I am so rarely surprised by books these days. Delighted, often. But a true surprise once I crack open a new read is something out of the ordinary. Like with so many things once you have become an OldTM, you find the familiar beats in the stories you read. You look at the cover or the blurb and you form an idea of what you’ll find inside based on your past experiences. And even if what is inside is well written and wonderful in all ways, the surprises are generally plot twists and nothing about the basic elements of the book itself. It’s like listening to the debut album of some indie band and realizing that they are just following in the footsteps of My Bloody Valentine at the end of the day. Sure, it’s enjoyable, but it’s not shaking up your musical world view.
So you can imagine my sheer joy when I realized that the first series from Shizuka Nakano is not only stealth BL but also stars a magical gardener! The cover of the book had me thinking it would be some kind of traditional Japanese arts sort of deal, a chef meets a gardener and opens an old-school restaurant to try and revive interest in a dying way of Japanese life or something. I should have known better from Nakano’s previous work, which has always had an element of the fantastic to it. And the obi even says he’s no ordinary gardener, but honestly, I figured he would be a celebrity gardener or something. I certainly never imagined a BL love triangle with nature spirits! As I read the first pages and slowly came to understand that Toru had a very serious crush on his pal Akira, I got very excited. This series runs in Comic Beam, which is known for its weird and experimental content, not for its dedication to love between men, so I truly did not see this blossoming romance coming. There’s also a foodie manga element to the whole thing, as Toru is a chef at a traditional Japanese restaurant and prepares dinner for Akira pretty much every weekend. Often using ingredients given to Akira by garden spirits after he helps them out in some real way. Seriously. How is this even a book?? It is too much, too powerful, too great.
This is one of those treats that unfolds slowly over the course of the first volume, so all the pieces really only fall into place in the last pages. Nakano has great pacing, which doesn’t surprise me even though this is her first longer series. She’s really honed her skills in shorter pieces over the years, and she puts all of that experience to use in Tedaremonra. We start in with Toru showing his chops at the restaurant, making fancy flowers out of daikon radish. And then! A mysterious phone call. He responds with instructions and discussion about how to cook a particular kind of mushroom, and his coworkers assume he is talking to his girlfriend. But he is talking to landscaper Akira, and once Toru steps into Akira’s apartment, we see that while Akira is not his boyfriend, he would very much like Akira to be his boyfriend. They are close enough that Toru sleeps over on the same futon as Akira, but Akira is apparently dense enough not to realize that Toru is into him, even when Toru is caught basking in his scent in the early hours of the morning.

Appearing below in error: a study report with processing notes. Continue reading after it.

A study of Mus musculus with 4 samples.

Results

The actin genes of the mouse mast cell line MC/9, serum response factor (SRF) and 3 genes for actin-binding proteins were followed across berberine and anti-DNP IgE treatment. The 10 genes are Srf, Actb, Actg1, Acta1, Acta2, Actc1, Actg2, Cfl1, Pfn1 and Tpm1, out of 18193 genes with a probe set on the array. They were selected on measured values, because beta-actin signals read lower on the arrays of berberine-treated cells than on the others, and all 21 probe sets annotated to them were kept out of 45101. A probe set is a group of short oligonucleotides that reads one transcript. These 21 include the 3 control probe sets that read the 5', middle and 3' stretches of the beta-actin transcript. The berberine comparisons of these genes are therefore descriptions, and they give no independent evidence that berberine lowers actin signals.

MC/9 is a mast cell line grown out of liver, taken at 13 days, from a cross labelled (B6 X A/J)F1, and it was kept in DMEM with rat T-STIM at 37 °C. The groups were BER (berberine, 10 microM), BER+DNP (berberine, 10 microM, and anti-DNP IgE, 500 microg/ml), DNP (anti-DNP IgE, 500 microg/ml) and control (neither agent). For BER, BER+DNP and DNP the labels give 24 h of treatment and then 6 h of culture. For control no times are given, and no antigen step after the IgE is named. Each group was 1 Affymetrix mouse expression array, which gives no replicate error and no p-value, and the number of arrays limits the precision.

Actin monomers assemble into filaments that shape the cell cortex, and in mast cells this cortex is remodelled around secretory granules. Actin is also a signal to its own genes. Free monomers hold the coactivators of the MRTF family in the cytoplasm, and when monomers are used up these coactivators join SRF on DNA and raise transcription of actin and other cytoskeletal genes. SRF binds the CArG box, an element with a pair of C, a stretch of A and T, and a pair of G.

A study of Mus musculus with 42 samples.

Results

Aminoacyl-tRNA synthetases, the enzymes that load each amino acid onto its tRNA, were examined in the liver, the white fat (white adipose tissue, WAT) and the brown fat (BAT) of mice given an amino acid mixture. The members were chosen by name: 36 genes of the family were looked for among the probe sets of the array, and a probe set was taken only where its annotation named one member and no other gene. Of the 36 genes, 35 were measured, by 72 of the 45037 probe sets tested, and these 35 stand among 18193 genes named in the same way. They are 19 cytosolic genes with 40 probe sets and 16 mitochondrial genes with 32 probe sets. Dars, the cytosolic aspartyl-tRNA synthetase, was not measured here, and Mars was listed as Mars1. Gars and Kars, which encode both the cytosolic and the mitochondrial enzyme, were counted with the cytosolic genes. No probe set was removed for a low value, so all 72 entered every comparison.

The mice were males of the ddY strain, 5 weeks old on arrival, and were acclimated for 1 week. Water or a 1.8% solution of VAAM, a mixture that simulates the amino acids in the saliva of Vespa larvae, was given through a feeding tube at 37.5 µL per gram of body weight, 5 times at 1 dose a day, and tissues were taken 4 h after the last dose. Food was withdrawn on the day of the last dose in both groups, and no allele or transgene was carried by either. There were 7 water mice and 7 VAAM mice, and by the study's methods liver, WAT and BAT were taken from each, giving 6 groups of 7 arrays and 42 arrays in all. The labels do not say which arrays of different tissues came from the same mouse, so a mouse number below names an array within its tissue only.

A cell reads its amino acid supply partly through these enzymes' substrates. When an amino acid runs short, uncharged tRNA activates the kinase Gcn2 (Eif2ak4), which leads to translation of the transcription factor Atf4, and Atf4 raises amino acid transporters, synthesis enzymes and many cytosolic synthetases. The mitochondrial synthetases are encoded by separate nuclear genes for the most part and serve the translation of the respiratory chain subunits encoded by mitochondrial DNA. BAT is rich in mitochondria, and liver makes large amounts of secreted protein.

So surprise number one is a total success. I am delighted by the end of the second chapter to realize that I have in my hot little hands a slow-burn BL by a non-BL artist whose work I love. And then the third chapter introduces me to the next twist in this unexpected twist of a story: the gardener is a monster hunter. Akira does traditional Japanese landscaping, and that is all fine and good. But the discussion of his work begins with other landscapers suddenly feeling their protective charms vibrating while they are pruning a particular bit of land. Oh no! This is a job for a real gardener! So they call Akira’s company and he shows up to defeat the evil spirit haunting the garden. The spirit master of the garden appears to thank him for his efforts with a bushel of rare mushrooms, and thus we see the flip side of the events in the first two chapters. Maybe this all sounds like gimmicks for gimmicks’ sake, but the flow of the narrative feels so natural that it doesn’t come across as cheap or weird in any way. It feels more like, well, of course, there are garden spirits and gardeners are there to protect them. It’s interesting to me that Nakano has turned her attention to Japan and two very traditional fields in Japanese culture when everything else I’ve seen by her has been turned outward, featuring countries and cultures other than Japan, but she does not miss a thing in her portrayal of her native land here. Carefully prepared meals are lovingly depicted, bonsai trees are given the space to grow in her pages, and everyone seems to live in a pretty old-school house. Her retro 60s-style is toned down—it doesn’t feel quite as out of place in its own time. But it’s unmistakably her work, the same angular noses and choppy hair, the sharply delineated spaces of the characters and their settings.
And I’m apparently not the only one to fall head over heels with this surprise treat. Volume one only came out in September of last year, but it had already gone in for a second printing by November. My fingers are crossed that this will be the book that finds greater readership for Nakano and gets her the English translation I’ve been hoping for for so many years. I look forward to celebrating the pure and perfect love that grows between Toru and Akira.